The Texas special legislative session is just two weeks away. Texas lawmakers will meet to discuss 19 issues that Governor Greg Abbott wants addressed, including the controversial bathroom bill.
That bill was voted down in the tense regular session but according to Alana Rocha from the Texas Tribune, the upcoming special session is expected to be even more dramatic.
In a new article that recently appeared in The New Yorker magazine, staff writer Lawrence Wright, who lives in Austin, wrote about Texas politics. In the article, titled "America's Future is Texas," he quoted Texas House Speaker, Joe Straus, saying in regards to the bathroom bill that he didn't want the blood of a single Texan on his hands.
“Adding fuel to the fire is the fact that in that same article in The New Yorker, Straus said that lawmakers aren’t obligated to pass any of the 19 as part of the special session," said Alana Rocha of The Texas Tribune. "And Abbott hasn’t indicated that any of those 19 are worth calling the lawmakers back for another special session if they don’t pass.”
Meanwhile, it's been two years since criminal charges were brought against Texas Attorney General Ken Paxton and new financial reports show he's spent hundreds of thousands of dollars defending himself. Shortly after taking office in 2015, Paxton was charged with security fraud for misleading investors of a tech startup where he worked. The financial reports show that about 15 couples donated $218,000 to help Paxton pay lawyers and court fees. However, Paxton insists that the donations were legal and that all of the donors are family friends who are not subject to state bribery laws.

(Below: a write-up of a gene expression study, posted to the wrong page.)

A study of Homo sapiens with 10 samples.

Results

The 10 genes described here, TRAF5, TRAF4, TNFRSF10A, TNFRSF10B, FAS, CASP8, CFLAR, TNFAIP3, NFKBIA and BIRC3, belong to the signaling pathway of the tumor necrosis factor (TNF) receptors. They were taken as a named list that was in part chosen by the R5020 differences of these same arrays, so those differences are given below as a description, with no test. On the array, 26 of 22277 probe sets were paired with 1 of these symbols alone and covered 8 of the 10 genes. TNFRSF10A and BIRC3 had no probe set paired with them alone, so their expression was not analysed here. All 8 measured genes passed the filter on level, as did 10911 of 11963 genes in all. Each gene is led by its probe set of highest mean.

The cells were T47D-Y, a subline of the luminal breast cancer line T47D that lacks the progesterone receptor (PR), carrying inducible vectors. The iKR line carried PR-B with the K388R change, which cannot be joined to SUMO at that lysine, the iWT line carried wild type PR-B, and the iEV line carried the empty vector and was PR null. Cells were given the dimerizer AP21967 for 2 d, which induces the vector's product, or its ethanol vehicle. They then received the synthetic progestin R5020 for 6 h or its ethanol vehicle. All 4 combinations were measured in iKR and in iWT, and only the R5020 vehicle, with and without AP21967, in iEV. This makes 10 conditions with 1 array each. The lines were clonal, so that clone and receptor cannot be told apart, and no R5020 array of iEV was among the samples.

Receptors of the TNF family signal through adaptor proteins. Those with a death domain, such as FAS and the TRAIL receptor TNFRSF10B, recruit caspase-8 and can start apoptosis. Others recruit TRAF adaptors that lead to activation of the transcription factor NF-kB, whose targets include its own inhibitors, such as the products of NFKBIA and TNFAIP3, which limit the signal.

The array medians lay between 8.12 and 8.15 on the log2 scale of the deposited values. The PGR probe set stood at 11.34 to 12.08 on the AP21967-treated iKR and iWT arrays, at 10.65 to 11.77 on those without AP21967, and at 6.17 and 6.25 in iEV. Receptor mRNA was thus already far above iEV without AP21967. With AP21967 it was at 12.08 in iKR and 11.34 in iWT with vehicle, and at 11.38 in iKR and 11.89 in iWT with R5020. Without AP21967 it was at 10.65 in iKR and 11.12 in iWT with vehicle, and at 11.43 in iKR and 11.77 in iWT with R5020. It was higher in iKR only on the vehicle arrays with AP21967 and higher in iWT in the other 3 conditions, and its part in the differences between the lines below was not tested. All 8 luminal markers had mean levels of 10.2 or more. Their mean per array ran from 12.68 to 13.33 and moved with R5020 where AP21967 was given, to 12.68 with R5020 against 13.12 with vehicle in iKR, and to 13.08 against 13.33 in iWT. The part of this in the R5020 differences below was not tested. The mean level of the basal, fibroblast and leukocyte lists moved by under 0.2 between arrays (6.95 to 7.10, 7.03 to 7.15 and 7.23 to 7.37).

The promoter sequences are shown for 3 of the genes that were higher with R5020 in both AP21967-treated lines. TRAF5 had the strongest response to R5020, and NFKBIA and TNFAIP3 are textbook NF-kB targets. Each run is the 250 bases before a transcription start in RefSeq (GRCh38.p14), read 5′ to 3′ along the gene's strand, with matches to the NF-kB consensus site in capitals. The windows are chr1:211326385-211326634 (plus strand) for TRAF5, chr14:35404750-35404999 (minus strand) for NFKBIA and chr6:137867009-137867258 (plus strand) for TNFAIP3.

Republican Senator Ted Cruz spent his Independence Day in McAllen, a democratic stronghold. The senator visited the 4th of July Parade and gave a speech, though at times he was hard to hear because of protestors. This isn't the first time Cruz visited that city, but he seems to be trying to drum up support ahead of the midterm elections. Democratic Congressman Beto O'Rourke is challenging Cruz for his seat. He spent his Independence Day in Lubbock, a long-time Republican stronghold.